This is my favorite of today’s guest blog posts that the fabulous Lynn Russell of Satsuma Press has written. It’s so innovative and fresh, I am in love, love, love.
We spent several hours folding paper cranes – I pre-cut some Japanese washi into squares and taught those who didn’t yet know how to fold a paper crane – and had tea and snacks and a wonderful time. I strung the finished cranes using an embroidery needle and thread. We got married at an old cherry orchard in the Columbia River Gorge and we hung the cranes from the chandelier in the big red barn where we had dinner.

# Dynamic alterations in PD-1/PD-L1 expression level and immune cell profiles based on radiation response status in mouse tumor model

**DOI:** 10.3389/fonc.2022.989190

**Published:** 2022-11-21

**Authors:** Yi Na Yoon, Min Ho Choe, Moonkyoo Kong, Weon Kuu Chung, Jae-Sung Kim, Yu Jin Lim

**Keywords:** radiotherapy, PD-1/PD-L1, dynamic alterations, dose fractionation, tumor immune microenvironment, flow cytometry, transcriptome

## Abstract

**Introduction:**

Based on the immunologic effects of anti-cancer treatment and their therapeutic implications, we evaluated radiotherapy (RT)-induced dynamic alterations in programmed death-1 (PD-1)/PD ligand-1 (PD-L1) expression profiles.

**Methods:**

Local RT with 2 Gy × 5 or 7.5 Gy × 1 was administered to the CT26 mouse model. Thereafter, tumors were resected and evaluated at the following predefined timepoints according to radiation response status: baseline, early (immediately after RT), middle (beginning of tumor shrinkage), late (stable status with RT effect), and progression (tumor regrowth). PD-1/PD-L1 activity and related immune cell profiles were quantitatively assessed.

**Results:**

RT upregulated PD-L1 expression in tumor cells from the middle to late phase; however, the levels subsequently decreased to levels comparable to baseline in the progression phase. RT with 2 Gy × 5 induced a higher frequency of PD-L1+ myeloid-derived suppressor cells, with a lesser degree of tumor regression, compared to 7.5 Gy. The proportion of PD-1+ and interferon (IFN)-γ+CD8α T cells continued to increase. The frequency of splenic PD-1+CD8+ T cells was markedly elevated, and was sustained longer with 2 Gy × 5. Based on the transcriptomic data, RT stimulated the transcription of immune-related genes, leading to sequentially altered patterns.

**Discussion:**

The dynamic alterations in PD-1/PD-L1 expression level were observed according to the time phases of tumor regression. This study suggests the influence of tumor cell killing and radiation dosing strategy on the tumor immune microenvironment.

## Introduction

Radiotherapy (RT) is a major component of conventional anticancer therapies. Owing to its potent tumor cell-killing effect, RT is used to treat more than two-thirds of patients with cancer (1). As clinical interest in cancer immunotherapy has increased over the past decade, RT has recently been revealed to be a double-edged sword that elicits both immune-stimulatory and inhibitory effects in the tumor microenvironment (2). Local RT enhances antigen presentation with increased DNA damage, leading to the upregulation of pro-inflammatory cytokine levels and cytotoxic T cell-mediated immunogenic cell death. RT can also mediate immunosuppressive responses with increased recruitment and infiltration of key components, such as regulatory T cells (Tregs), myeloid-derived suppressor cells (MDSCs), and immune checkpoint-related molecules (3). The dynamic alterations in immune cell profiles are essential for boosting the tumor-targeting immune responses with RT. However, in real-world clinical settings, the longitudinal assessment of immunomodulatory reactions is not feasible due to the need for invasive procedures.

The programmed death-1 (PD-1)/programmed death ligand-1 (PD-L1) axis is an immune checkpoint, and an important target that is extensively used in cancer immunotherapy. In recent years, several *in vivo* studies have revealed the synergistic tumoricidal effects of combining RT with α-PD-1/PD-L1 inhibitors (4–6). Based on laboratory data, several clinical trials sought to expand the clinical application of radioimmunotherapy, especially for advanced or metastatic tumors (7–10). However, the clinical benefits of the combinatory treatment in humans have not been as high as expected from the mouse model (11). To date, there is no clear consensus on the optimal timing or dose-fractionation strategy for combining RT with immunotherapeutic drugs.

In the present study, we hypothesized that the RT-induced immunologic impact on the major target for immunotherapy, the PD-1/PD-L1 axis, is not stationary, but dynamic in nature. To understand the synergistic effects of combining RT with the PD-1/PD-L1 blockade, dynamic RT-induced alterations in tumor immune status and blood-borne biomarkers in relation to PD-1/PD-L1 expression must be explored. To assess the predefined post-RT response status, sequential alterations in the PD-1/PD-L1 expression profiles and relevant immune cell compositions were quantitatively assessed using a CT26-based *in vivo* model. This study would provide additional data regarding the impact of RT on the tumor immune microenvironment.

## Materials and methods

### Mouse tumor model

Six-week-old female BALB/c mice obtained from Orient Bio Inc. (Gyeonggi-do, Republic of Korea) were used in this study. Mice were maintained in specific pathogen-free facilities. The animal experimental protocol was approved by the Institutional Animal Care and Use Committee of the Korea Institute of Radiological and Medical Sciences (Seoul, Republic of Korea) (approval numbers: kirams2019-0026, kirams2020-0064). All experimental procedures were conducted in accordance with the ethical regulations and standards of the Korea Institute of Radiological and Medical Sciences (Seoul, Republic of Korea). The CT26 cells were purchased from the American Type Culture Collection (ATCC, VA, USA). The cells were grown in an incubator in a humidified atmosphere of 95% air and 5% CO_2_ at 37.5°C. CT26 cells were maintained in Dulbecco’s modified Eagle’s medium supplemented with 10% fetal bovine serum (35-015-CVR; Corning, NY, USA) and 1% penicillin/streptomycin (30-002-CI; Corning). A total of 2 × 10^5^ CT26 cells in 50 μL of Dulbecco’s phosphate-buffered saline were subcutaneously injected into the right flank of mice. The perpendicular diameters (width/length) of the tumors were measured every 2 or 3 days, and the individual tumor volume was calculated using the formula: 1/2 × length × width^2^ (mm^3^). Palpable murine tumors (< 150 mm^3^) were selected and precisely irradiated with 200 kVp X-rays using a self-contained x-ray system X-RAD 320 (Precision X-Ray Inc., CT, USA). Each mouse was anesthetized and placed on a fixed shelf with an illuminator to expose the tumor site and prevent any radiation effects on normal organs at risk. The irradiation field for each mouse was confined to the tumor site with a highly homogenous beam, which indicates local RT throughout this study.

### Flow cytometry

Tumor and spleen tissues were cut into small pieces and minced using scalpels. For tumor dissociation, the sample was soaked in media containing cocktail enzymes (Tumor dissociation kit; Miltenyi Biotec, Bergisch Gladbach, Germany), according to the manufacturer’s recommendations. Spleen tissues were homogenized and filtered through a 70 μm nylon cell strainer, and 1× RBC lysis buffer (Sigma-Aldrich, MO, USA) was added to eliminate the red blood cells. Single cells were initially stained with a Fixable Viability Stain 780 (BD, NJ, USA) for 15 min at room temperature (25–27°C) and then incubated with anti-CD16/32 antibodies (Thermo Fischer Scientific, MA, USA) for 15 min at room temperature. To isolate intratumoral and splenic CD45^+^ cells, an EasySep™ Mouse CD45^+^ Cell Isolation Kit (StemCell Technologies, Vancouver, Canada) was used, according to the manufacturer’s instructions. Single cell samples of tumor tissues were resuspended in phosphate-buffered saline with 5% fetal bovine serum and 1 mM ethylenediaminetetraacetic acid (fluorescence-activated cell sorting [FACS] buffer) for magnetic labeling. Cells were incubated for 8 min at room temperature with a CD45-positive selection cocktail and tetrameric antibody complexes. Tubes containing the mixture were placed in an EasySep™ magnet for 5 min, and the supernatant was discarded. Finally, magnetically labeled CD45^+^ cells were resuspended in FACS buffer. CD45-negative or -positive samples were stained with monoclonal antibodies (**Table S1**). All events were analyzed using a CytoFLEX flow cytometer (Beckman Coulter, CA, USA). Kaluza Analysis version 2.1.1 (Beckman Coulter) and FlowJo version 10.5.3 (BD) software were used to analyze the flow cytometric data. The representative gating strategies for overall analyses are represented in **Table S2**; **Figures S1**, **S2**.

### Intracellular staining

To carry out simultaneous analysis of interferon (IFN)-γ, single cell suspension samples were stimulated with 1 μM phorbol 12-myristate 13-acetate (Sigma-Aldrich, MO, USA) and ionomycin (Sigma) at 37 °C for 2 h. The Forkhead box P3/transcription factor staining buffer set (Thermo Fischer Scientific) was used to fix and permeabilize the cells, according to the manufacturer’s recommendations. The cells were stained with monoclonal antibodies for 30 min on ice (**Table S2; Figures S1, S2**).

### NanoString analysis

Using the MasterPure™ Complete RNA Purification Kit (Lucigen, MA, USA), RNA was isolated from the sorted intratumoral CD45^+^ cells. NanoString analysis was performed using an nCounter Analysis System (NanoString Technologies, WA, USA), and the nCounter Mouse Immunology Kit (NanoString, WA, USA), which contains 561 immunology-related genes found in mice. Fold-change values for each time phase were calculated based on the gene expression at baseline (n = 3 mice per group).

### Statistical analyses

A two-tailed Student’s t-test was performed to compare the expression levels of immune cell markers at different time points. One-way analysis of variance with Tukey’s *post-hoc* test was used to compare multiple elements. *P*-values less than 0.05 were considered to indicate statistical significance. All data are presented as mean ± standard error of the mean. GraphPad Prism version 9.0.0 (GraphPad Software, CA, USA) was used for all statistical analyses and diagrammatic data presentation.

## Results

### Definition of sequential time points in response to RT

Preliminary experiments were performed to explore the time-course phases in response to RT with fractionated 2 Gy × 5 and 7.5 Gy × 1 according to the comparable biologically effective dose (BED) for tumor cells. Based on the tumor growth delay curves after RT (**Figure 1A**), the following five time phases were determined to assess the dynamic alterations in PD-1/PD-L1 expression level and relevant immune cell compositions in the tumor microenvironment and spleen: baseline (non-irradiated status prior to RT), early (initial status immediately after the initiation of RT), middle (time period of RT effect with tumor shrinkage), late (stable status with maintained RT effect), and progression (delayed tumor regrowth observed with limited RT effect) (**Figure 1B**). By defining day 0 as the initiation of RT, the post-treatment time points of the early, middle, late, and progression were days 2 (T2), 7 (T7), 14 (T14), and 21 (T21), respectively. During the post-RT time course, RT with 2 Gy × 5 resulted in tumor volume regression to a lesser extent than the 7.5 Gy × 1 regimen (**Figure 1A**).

I asked my friend, Alyson, of Unruly Things to draw up a tutorial for those of you who might not know how to fold a paper crane. It’s really easy and fun (and sort of addictive) once you get the hang of it!
There are so many beautiful paper choices out there. For my own wedding – at a place called Cherry Hill – I used the cherry blossom washi in shades of ivory, pale pink and light blue. I think it looks beautiful, though, to mix and match papers and patterns.
I’m particularly drawn to Japanese and Italian prints – both of which you can find at Paper Source (). A few sheets will go a long way, too, when you cut them down to squares of various sizes.
A thousand paper cranes are also traditionally given as a wedding gift by the folder, who wishes a thousand years of happiness and prosperity upon the couple. What lovelier symbol could there be at the start of your own wedding?
PHOTO Credits: By Satsuma Press, except last photo by Brooke Mackay Castro.